30 August 2016 By Gina Chon

The push for the Trans-Pacific Partnership could use a cattle drive. The Obama administration’s wobbly attempts to promote the trade deal at events across the country are stalling. The nation’s cattle ranchers, meanwhile, have cooked up a juicy pitch highlighting the simple financial benefits of the pact.

Government officials are touting the trade deal with 11 other countries ahead of Congress’s return to Washington next month. President Obama will also praise the pact during his visit to Asia this week. It’s opposed by liberals like Senator Bernie Sanders of Vermont, while Republican presidential nominee Donald Trump has vowed to scrap the deal.

Part of the administration’s problem is that it needs to build a diverse coalition of support for TPP. For the left, it touts the enforceable labor protections in the deal, such as allowing workers in Vietnam to unionize. For Republicans, the pact is sold as a free trade promoter and bulwark against China. At times they can be odd bedfellows.

Opponents from both sides of the aisle, meanwhile, trot out a consistent message: TPP is an unfair job killer, a point that has resonated enough even to force Democratic White House hopeful Hillary Clinton to reverse her initial support for the pact.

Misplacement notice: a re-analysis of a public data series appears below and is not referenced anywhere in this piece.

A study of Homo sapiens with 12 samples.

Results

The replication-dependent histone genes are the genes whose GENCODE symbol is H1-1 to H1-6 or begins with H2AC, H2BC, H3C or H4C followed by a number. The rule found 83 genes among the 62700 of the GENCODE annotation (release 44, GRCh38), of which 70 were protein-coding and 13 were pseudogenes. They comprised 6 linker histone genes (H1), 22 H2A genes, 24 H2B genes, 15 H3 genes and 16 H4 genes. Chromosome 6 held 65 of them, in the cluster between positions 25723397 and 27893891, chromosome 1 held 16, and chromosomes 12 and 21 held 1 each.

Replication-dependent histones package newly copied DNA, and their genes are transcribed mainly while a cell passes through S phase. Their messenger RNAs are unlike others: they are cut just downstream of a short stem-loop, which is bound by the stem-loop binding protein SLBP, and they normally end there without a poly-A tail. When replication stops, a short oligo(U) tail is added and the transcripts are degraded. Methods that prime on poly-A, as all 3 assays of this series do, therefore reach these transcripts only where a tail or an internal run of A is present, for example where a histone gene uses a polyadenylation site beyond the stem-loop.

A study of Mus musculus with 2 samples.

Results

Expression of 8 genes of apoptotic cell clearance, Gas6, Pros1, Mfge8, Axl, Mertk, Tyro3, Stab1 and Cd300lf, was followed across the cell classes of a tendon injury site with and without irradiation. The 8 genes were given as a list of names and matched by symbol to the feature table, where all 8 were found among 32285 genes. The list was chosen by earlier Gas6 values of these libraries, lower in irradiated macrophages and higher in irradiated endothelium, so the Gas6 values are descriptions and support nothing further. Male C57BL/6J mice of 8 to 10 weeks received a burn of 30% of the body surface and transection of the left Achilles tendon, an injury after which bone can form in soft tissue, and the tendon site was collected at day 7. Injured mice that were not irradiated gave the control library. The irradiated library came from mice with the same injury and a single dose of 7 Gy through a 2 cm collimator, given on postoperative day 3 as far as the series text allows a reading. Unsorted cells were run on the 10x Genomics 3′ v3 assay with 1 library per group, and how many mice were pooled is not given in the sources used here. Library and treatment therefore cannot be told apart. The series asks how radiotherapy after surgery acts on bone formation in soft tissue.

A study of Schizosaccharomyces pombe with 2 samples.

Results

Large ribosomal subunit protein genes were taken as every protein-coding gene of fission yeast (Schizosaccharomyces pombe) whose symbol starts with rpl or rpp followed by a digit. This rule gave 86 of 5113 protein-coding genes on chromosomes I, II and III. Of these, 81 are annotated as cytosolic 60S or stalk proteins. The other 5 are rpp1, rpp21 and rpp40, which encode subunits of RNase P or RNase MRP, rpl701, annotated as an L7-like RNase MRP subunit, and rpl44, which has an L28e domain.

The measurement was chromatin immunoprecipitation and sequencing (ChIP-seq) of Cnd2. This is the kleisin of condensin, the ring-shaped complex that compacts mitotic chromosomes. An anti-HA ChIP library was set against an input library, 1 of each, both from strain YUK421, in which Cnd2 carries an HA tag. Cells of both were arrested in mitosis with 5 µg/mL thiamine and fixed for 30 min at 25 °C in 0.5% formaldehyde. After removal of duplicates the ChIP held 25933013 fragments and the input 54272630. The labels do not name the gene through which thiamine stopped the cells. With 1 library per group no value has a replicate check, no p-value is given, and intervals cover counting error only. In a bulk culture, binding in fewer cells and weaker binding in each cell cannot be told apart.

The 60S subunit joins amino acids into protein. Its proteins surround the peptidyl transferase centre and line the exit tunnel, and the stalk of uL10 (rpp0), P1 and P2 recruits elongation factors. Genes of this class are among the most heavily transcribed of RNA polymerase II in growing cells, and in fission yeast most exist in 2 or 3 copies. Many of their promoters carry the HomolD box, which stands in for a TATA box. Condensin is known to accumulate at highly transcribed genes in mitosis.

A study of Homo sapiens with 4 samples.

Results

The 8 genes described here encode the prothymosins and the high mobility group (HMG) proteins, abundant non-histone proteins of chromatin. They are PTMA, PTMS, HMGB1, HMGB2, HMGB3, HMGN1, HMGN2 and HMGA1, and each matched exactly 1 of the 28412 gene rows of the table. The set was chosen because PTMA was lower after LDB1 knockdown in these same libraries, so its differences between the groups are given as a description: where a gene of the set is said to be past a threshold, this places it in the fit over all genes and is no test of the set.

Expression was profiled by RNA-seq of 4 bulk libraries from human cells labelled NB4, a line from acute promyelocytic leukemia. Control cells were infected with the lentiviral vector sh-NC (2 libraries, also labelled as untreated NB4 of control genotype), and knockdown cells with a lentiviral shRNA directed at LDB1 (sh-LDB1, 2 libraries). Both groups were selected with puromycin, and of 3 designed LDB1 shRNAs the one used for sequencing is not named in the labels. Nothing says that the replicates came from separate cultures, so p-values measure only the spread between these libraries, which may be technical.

Cattle ranchers may seem an unlikely group to have an effective rebuttal to the naysayers. But TPP would reduce tariffs that, according to the National Cattlemen’s Beef Association, would allow the industry to recoup millions in lost beef sales. The group’s web site, tppnow.com, features a ticker that bumps up by $1 every few seconds to reflect the loss without TPP, which stands at more than $134 million and counting.

Writ large, it could be the administration’s savior. TPP would cut a total of 18,000 tariffs, including on cars and lumber, meaning more American products will be sold overseas, which ought to generate more American jobs. Officials haven’t ignored this angle but it has been lost in the smorgasbord they have prepared.

The administration’s nuanced, localized approach may have been a decent strategy when the goal was simply to win over Congress. But TPP has become a national issue where the cattle ranchers’ straightforward pitch could be a superior way to gather Americans around the same table.